From the origins of shred

During the 1950s, the now-prolific Jim Phillips designed the Screaming Hand image, which later in 1985 became the instantly recognisable logo for the well-known Santa Cruz Skateboards company. With impeccable attention to scale and detail, LEGO builder Brick Flag brings this true icon of skateboarding culture to the Brick. As a builder with a history of skateboarding, I too have attempted to build this gnarly skate totem, though with much less success than this great representation. The colour scheme for such a depiction is pretty unavoidable, though the dark azure is utterly prefect for such a build. The part selection has been superbly chosen considering the limited piece pallet available.

Screaming Hand

The Screaming Hand has represented hardcore skaters practically the world over for around 35 years, and this LEGO creation has done it justice in many ways. Before we go into its details, take a moment to observe the similarities when held against the original. The shaping has been achieved beautifully, considering the form and function of the human hand. Yet the I can still hear a ripple through the readers/builder at home, lamenting the colour selection for the ball joint and socket modified plates, which are sadly only produced in greys.

Screaming Hand

The bold mouth in the center of the palm has been well designed, including the tongue, though the sections that really get me are the lips and the base of the palm. The shaping and roundness here, due to the triple curved wedges, is brilliant and adds so much of the expression found in the original. Unlike the original illustration though, this version has some magnificent articulation, giving it the ability to pull some straight-up tubular gestures. The finger construction owes its flexibility not just to the ball joints but also to the inverted and curved slopes, giving each digit an anatomically realistic ability.

Screaming Hand

The shredded wrist keeps its true form to the original, with its blood spraying open wound. The brutality of such an image is an excellent representation of the feeling when you get when you hit the ground at speed and Brick Flag’s duplicate leaves nothing hidden. The use of red dinosaur necks and tails, as well as various horns is a tasteful design choice, giving it the raw, artery pumping feeling it deserves.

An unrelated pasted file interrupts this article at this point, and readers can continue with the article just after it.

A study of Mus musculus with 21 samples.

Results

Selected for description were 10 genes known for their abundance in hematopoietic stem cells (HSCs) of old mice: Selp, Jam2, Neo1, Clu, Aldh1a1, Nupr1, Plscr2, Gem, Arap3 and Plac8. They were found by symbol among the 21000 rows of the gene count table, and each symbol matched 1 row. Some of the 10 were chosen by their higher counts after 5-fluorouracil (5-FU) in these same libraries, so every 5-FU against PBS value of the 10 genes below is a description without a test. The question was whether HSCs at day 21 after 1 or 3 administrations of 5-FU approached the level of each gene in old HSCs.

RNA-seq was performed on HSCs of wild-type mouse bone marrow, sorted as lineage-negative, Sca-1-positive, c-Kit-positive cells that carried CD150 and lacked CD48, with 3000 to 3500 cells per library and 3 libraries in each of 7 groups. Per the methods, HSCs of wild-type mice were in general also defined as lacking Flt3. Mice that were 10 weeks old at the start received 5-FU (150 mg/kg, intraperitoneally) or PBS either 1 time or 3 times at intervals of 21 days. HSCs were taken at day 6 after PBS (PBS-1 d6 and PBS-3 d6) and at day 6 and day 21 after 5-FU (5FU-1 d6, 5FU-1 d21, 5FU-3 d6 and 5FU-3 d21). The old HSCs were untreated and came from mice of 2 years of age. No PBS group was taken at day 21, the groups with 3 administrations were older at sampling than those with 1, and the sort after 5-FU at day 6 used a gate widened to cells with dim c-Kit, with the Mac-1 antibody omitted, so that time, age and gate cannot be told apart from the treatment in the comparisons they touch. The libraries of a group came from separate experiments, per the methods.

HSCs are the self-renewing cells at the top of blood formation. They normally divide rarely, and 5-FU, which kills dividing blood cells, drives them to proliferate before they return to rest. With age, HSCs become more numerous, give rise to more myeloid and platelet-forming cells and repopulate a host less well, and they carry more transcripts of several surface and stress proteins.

Screaming Hand

This homage to Jim Phillips and skate culture is stunning and I am personally stoked to see this achieved in such a great way. Be sure to also check out Brick Flag’s awesome tribute to the Beastie Boys: Licenced to MOC.

4 comments on “From the origins of shred

  1. Chris Vesque aka Brick Flag

    Ben Andrews, thanks for sharing my build and the greatly detailed write up. I’m totally flattered, much appreciated!

  2. Purple Dave

    “Yet the I can still hear a ripple through the readers/builder at home, lamenting the colour selection for the ball joint and socket modified plates, which are sadly only produced in greys.”

    Meh. To date, there are five ball/socket elements that were specifically created as Mixel joints. All five come in dark-bley, thanks to Disney/Marvel objecting to the use of light-bley on Giant-man. Currently, you can’t get the full set in any other color. In this case, it’s rather fortunate that dark-bley has a tone that’s close enough to blue that they sorta blend in. When doing ball-jointed construction, that can be a real problem with a lot of lighter or darker colors. Obviously, if you want to do Mixel-jointed construction and you can’t adequately hide the ball joint elements, dark-bley is the optimal color to work with, but blue works out pretty well, too.

    Now, there are also click-hinges, which do come in blue, but pulling off that range of motion might be impossible with hinges vs. ball joints. What _is_ distracting is the white stand in that last photo, on a very dark background. Since all of the other photos were shot on white, I’m guessing that was done purposefully just to show how the stand works with the hand.

  3. Ben Andrews Post author

    Your very welcome Chris, was great to write about that collides two of my worlds! thanks for highlighting an incredible icon in the skating and art scenes.

    And thank you PD, your constructive insight was appreciated. The use of the part itself was great, i was only commenting on the idea that maybe a broader colour range for the ball joint and socket parts, may be a valuable addition to any builders shelf.

  4. Purple Dave

    Hey, you’ll get no argument from me on the benefits of a wider color range. And many colors really do look bad with dark-bley Mixel joints (try making them blend in to white). But to be fair, even dark-bley works better with a wide range of colors than if they’d produced it in a bright color like blue (looking right at you, friction axle-pin…says the guy who still has ~100 unopened Bohrok Va sets squirreled away just because they each come with 3x black friction axle-pins). This just happens to be one instance when the color mismatch is much less noticeable, and not particularly jarring to the eye (though even 15 years later, I still feel that LEGO blue is too warm to really look great with dark-bley).